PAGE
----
Supported by a $1,290,000 grant from the Australian Renewable Energy Agency, this project analyses the performance of 26 leading batteries, comparing major lithium-ion battery brands to existing and advanced lead-acid battery technologies, a zinc-bromide flow battery, an aqueous hybrid ion battery, and a sodium nickel chloride battery.
The project commenced in 2016 and is ongoing until 2022. Phase One of the project commenced in 2016 with the integration of eight battery packs into a specialised testing facility at the Canberra Institute of Technology. Phase Two saw this facility expanded to accommodate a further ten battery packs. Phase 3 of testing commenced in 2019 and will assess the performance of an additional eight new residential scale batteries that are deemed to be significant to the Australian market due to their novel technology, local design and assembly, or the strong existing presence of the manufacturer in the industry.
The purpose of the project is to verify claims made by manufacturers about performance, integration, and installation of battery packs, and to disseminate the results to the public. To achieve this ITP is independently testing the performance of each battery side by side in hot daytime and cool overnight temperatures, similar to what they would be expected to face in real-world conditions. Testing takes place in a climate-controlled enclosure at the Canberra Institute of Technology.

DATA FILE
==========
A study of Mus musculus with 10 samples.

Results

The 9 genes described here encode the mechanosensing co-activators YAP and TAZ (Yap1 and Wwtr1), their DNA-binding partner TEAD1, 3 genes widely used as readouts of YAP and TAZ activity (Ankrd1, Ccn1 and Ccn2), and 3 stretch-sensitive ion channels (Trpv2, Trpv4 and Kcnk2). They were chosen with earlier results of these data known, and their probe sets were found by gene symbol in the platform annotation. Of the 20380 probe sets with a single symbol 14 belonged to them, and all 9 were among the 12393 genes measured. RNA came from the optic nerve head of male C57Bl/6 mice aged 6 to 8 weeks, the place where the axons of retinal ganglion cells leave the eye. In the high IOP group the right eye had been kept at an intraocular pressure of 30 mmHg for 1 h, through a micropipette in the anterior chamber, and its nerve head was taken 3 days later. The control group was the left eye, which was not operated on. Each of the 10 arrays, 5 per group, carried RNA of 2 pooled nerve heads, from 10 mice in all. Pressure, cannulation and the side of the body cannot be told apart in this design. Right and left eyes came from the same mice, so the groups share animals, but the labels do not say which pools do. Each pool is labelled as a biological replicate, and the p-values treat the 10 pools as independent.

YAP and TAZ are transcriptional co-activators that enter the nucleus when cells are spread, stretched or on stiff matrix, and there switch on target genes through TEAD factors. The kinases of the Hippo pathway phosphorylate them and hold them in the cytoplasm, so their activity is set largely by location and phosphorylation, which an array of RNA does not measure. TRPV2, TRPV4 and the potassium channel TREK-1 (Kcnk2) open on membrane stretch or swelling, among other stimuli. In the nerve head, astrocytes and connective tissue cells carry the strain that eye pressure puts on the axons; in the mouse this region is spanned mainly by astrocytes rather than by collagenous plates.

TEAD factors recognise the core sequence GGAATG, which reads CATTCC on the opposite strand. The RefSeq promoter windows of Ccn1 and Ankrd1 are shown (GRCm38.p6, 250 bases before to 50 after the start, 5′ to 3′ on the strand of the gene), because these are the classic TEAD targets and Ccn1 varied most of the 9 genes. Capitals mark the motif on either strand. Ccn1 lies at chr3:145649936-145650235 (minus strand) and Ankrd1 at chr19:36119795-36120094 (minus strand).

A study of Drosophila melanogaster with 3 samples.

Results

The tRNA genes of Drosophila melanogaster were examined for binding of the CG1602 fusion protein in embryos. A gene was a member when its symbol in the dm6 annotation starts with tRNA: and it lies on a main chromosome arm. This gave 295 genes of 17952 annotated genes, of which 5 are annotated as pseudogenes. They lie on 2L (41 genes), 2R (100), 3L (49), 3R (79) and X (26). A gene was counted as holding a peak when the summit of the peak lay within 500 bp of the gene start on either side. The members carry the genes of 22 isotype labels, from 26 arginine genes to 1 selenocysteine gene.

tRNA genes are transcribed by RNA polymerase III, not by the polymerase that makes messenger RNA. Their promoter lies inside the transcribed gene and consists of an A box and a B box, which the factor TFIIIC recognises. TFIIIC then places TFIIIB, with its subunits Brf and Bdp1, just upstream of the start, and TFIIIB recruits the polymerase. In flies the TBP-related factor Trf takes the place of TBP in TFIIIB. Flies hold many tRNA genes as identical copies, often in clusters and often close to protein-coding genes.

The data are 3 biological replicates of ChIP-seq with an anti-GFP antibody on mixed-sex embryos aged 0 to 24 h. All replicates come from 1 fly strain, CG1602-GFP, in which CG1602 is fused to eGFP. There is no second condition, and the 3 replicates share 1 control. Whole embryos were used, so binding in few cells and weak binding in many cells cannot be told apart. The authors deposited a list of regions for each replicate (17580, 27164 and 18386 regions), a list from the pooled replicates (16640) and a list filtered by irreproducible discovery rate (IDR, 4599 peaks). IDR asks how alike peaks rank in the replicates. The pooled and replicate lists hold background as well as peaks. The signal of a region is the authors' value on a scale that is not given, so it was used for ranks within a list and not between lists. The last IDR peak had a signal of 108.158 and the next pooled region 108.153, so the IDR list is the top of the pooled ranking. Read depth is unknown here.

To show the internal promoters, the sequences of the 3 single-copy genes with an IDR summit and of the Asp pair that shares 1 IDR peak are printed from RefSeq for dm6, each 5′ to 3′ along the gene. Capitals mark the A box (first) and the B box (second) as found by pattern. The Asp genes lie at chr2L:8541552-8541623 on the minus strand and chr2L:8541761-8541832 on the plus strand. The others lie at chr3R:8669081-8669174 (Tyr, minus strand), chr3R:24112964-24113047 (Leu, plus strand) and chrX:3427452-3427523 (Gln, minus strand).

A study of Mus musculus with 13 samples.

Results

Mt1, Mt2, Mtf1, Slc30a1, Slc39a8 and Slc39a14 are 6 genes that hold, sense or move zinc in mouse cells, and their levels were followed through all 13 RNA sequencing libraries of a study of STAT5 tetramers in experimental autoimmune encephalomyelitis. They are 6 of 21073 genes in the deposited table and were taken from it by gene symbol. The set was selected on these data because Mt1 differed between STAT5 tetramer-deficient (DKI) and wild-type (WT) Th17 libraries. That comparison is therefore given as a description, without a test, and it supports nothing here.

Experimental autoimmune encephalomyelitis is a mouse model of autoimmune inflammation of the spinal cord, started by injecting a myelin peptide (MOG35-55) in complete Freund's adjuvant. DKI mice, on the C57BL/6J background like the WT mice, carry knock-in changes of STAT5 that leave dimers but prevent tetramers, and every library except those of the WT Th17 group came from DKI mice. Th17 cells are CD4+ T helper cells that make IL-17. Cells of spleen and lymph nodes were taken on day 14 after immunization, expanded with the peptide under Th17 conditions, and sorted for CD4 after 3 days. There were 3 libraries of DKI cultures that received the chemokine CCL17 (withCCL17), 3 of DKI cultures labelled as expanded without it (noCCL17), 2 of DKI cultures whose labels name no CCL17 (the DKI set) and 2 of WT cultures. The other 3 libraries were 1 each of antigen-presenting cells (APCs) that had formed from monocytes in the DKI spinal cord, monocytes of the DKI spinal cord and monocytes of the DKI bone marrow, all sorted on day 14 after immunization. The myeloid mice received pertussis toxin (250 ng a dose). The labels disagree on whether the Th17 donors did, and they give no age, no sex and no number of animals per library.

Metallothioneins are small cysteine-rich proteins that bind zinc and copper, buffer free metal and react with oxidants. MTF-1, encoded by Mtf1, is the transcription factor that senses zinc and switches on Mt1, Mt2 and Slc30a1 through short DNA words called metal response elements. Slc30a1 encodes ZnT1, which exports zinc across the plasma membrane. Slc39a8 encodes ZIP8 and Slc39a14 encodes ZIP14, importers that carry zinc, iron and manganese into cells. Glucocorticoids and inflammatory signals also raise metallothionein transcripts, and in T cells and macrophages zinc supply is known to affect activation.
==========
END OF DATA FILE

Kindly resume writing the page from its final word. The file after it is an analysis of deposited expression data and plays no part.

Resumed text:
As the batteries are cycled they lose the ability to store as much energy as when they were new. The key objective of the three year test is therefore to measure the batteries’ decrease in storage capacity over time and with energy throughput. The project seeks to provide independent performance data so people can make informed investment decisions. The project work includes:
More details about the trial and live results are published here.